Toggle mobile menu visibility

Child sexual exploitation

Child sexual exploitation is a major child protection concern for communities across the UK.  Hidden from view and going unnoticed, vulnerable young girls and boys are groomed and then abused, leaving them traumatised and scarred for life.

We have teamed up with Barnardo’s to provide a new service to reduce the number of children at risk of CSE and offer better support to victims.

What is child sexual exploitation?

Child sexual exploitation is illegal activity by people who have power over young people and use it to sexually abuse them.  This can involve a broad range of exploitative activity, from seemingly 'consensual' relationships and informal exchanges of sex for attention, accommodation, gifts or cigarettes, through to very serious organised crime.

The sexual exploitation of children and young people (CSE) under the age of 18 is defined as: 'situations, contexts and relationships where young people (or a third person or people) receive 'something' (eg food, accommodation, drugs, alcohol, cigarettes, affection, gifts, money) as a result of them performing, and/or another or others performing on them, sexual activities.'

Child sexual exploitation can take place through the use of technology without the child or young person realising they have been exploited; for example being persuaded to post sexual images on the internet without immediate payment or gain.  In all cases, those exploiting the child/young person have power over them by virtue of their age, gender, intellect, physical strength and/or economic or other resources.  Violence, coercion and intimidation are common.

Warning signs

Young people in certain situations are more vulnerable than others to exploitation.  These could include:

  • Living in a chaotic or dysfunctional household (including parental substance use, domestic violence, parental mental health issues, parental criminality)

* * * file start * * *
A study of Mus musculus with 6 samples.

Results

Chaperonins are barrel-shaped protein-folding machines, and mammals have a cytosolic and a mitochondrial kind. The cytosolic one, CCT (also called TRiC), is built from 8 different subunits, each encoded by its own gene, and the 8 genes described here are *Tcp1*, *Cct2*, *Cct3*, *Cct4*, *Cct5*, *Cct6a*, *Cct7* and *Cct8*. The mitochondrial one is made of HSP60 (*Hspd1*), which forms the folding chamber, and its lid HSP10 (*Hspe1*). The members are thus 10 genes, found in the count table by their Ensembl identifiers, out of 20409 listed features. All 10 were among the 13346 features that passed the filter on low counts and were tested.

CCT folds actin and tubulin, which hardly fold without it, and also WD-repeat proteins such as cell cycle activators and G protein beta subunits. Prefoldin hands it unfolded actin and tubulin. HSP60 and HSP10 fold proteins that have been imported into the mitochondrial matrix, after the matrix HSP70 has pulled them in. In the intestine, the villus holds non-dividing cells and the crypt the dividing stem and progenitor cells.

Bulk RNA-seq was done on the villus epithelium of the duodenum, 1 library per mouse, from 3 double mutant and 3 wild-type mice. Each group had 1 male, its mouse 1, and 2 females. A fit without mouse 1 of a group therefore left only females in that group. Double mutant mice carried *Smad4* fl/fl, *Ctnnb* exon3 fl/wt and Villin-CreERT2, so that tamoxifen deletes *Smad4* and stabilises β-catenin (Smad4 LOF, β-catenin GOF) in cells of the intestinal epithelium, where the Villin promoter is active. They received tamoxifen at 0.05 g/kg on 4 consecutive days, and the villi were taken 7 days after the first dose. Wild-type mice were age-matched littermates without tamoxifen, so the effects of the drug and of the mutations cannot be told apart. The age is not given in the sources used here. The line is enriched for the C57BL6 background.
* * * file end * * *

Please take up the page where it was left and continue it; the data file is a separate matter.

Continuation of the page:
• History of abuse (including familial child sexual abuse, risk of forced marriage, risk of 'honour'-based violence, physical and emotional abuse and neglect)
  • Recent bereavement or loss
  • Gang association either through relatives, peers or intimate relationships (in cases of gang-associated CSE only)
  • Attending school with young people who are sexually exploited
  • Learning disabilities
  • Unsure about their sexual orientation or unable to disclose sexual orientation to their families
  • Friends with young people who are sexually exploited
  • Homeless
  • Lacking friends from the same age group
  • Living in a gang neighbourhood
  • Living in residential care
  • Living in hostel, bed and breakfast accommodation or a foyer
  • Low self-esteem or self-confidence
  • Young carer

The following signs and behaviour are often seen in children who are already being sexually exploited:

  • Missing from home or care
  • Physical injuries
  • Drug or alcohol misuse
  • Involvement in offending
  • Repeat sexually-transmitted infections, pregnancy and terminations
  • Absent from school
  • Evidence of sexual bullying and/or vulnerability through the internet and/or social networking sites
  • Estranged from their family
  • Receipt of gifts from unknown sources
  • Recruiting others into exploitative situations
  • Poor mental health
  • Self-harm
  • Thoughts of or attempts at suicide

Evidence shows that any child displaying several of the points in the above lists should be considered to be at high risk of sexual exploitation.  Professionals should immediately start an investigation to determine the risk, along with preventative and protective action as required.

What you should do:

If you think a child or vulnerable adult is at risk of child sexual exploitation in Norfolk and want to speak to someone call 0344 800 8020.

The Rose Project provide support to children and young people who have been harmed by child sexual exploitation.